In the last 15 years there has been a concerning increase in the spread of the livestock viral disease, peste des petits ruminants (PPR). The Food and Agricultural Organisation of the United Nations (FAO) and the World Organisation for Animal Health (OIE) have created a strategy for global eradication, in which the support of PPR experts, including scientists from The Pirbright Institute, will be essential.
Pirbright was heavily involved in the FAO and OIE campaign to eliminate rinderpest, which in 2011 was formally declared eradicated, making it only the second virus to achieve this status after smallpox. This experience, coupled with the fact that rinderpest is closely related to PPR, well positions Pirbright’s scientific experts to aid in the fight against this damaging disease.
PPR is now endemic in over 70 countries, among them some of the poorest communities in Africa, the Middle East and Asia, where people rely on their livestock for food and income. Literally translating to ‘plague of small ruminants’, the PPR virus infects animals such as goats and sheep, costing $1.45-$2.1 billion (USD) in losses annually, disrupting the economies of developing countries where subsistence farming is a large source of income.
PPR experts from Pirbright, FAO and MRC-University of Glasgow Centre for Virus Research, have explored the biology of this disease, and identified vital areas that must be better understood if PPR is to be eradicated. Pirbright’s Dr Dalan Bailey has recently collated this information and published a review paper in the Journal of General Virology.
Dr Bailey, leader of the Viral Glycoproteins group, said: “We hope that this review will highlight the most pressing issues and trigger debate amongst the scientific community, but most importantly encourage researchers to take action. With so many factors to consider, it is no surprise that a global effort is required for successful PPR eradication.”
The experts highlighted gaps in three main research areas; fundamental research, which involves understanding more about the PPR virus and how it infects susceptible animals, as well as vaccines and diagnostics. The researchers also urged their peers to investigate other viruses that might invade a vacated niche, should PPR be eradicated.
As the global human population expands, so too does the need for animal products such as meat and dairy. It is expected that the demand for sheep and goat produce alone will rise 177% by 2030. The eradication of a disease which currently threatens 80% of the global sheep and goat populations is therefore crucial.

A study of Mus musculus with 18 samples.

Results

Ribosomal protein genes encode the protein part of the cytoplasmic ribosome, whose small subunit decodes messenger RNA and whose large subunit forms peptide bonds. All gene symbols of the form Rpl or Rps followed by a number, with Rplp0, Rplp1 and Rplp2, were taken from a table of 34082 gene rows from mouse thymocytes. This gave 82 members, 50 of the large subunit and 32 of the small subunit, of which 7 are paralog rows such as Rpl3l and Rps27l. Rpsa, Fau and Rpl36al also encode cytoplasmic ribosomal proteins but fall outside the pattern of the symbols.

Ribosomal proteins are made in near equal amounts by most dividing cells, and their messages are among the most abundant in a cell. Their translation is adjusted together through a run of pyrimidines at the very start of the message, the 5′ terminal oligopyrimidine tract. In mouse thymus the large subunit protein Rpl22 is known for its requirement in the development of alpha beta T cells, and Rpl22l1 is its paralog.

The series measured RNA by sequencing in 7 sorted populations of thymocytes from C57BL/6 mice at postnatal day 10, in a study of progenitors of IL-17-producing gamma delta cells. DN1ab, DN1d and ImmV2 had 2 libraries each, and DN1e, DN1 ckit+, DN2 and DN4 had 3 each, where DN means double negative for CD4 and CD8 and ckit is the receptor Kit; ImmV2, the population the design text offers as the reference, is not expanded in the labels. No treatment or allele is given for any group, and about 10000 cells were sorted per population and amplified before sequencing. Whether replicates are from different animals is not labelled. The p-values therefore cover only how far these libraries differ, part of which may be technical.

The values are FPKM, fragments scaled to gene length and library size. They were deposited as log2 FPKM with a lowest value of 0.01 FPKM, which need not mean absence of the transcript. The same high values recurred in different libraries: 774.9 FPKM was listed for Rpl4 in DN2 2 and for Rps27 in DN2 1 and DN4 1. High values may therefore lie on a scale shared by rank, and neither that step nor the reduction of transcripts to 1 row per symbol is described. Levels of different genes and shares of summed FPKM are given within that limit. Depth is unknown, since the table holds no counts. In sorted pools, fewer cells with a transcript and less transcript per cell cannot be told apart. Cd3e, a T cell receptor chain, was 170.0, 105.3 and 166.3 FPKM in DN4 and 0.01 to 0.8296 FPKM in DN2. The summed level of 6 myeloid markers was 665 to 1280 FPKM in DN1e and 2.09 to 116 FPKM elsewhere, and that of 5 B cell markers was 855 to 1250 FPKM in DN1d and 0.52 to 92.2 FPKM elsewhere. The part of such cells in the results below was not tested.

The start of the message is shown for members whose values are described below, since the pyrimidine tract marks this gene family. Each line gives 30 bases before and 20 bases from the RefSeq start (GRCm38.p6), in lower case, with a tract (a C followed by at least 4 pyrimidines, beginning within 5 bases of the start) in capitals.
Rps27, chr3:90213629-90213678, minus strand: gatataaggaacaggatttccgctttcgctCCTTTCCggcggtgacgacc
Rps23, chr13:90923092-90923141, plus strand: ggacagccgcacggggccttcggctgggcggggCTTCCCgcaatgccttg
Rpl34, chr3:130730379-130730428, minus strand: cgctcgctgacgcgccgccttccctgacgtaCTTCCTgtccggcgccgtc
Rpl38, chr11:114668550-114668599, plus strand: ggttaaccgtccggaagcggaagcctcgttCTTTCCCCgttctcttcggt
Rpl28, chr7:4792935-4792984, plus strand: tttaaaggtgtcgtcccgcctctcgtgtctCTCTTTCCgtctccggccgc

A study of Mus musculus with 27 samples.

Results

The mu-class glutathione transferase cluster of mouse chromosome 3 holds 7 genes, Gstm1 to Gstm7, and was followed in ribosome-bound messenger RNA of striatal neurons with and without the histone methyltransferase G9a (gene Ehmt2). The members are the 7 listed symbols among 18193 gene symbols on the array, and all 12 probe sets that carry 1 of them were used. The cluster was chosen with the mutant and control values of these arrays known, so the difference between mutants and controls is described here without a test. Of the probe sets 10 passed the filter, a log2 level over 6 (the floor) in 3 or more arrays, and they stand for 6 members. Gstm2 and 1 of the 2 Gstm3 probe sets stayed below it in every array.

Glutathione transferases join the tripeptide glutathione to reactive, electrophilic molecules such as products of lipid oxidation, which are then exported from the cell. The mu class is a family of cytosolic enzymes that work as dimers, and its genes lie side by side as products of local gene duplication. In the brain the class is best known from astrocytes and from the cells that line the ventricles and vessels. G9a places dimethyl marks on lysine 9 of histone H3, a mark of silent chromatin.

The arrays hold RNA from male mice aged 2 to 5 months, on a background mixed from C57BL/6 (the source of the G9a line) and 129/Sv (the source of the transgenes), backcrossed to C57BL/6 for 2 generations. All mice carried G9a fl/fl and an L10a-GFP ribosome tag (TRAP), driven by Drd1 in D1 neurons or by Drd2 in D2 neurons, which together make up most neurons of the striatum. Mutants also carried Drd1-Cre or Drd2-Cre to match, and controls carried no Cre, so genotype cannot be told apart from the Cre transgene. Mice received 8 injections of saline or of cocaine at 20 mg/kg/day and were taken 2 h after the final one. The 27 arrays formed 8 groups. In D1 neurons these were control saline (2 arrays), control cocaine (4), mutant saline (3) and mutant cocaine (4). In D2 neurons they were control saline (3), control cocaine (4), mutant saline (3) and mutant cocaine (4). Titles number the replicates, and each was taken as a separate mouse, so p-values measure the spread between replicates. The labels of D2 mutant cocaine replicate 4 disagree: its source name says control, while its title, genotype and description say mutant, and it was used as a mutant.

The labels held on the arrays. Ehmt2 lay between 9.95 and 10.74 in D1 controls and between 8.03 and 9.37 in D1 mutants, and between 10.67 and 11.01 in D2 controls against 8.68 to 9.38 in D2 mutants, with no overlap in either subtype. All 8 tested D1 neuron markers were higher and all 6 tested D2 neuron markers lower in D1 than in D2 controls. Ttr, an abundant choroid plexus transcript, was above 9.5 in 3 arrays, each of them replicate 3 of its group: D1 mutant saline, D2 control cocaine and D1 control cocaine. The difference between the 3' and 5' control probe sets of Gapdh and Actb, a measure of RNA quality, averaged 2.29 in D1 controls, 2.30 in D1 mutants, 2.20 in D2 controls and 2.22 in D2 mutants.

The Pirbright Institute is a world leading centre of excellence in research and surveillance of virus diseases of farm animals and viruses that spread from animals to humans. Based in the UK and receiving strategic funding from the Biotechnology and Biological Sciences Research Council (BBSRC), the Institute works to enhance capability to contain, control and eliminate these economically and medically important diseases through highly innovative fundamental and applied bioscience.
With an annual income of nearly £26.1 million from grants and commercial activity, and a total of £5 million strategic investment from BBSRC during 2016-2017, the Institute contributes to global food security and health, improving quality of life for animals and people.
For more information about The Pirbright Institute see: www.pirbright.ac.uk
BBSRC invests in world-class bioscience research and training on behalf of the UK public. Our aim is to further scientific knowledge, to promote economic growth, wealth and job creation and to improve quality of life in the UK and beyond.
Funded by government, BBSRC invested £469 million in world-class bioscience in 2016-17. We support research and training in universities and strategically funded institutes. BBSRC research and the people we fund are helping society to meet major challenges, including food security, green energy and healthier, longer lives. Our investments underpin important UK economic sectors, such as farming, food, industrial biotechnology and pharmaceuticals.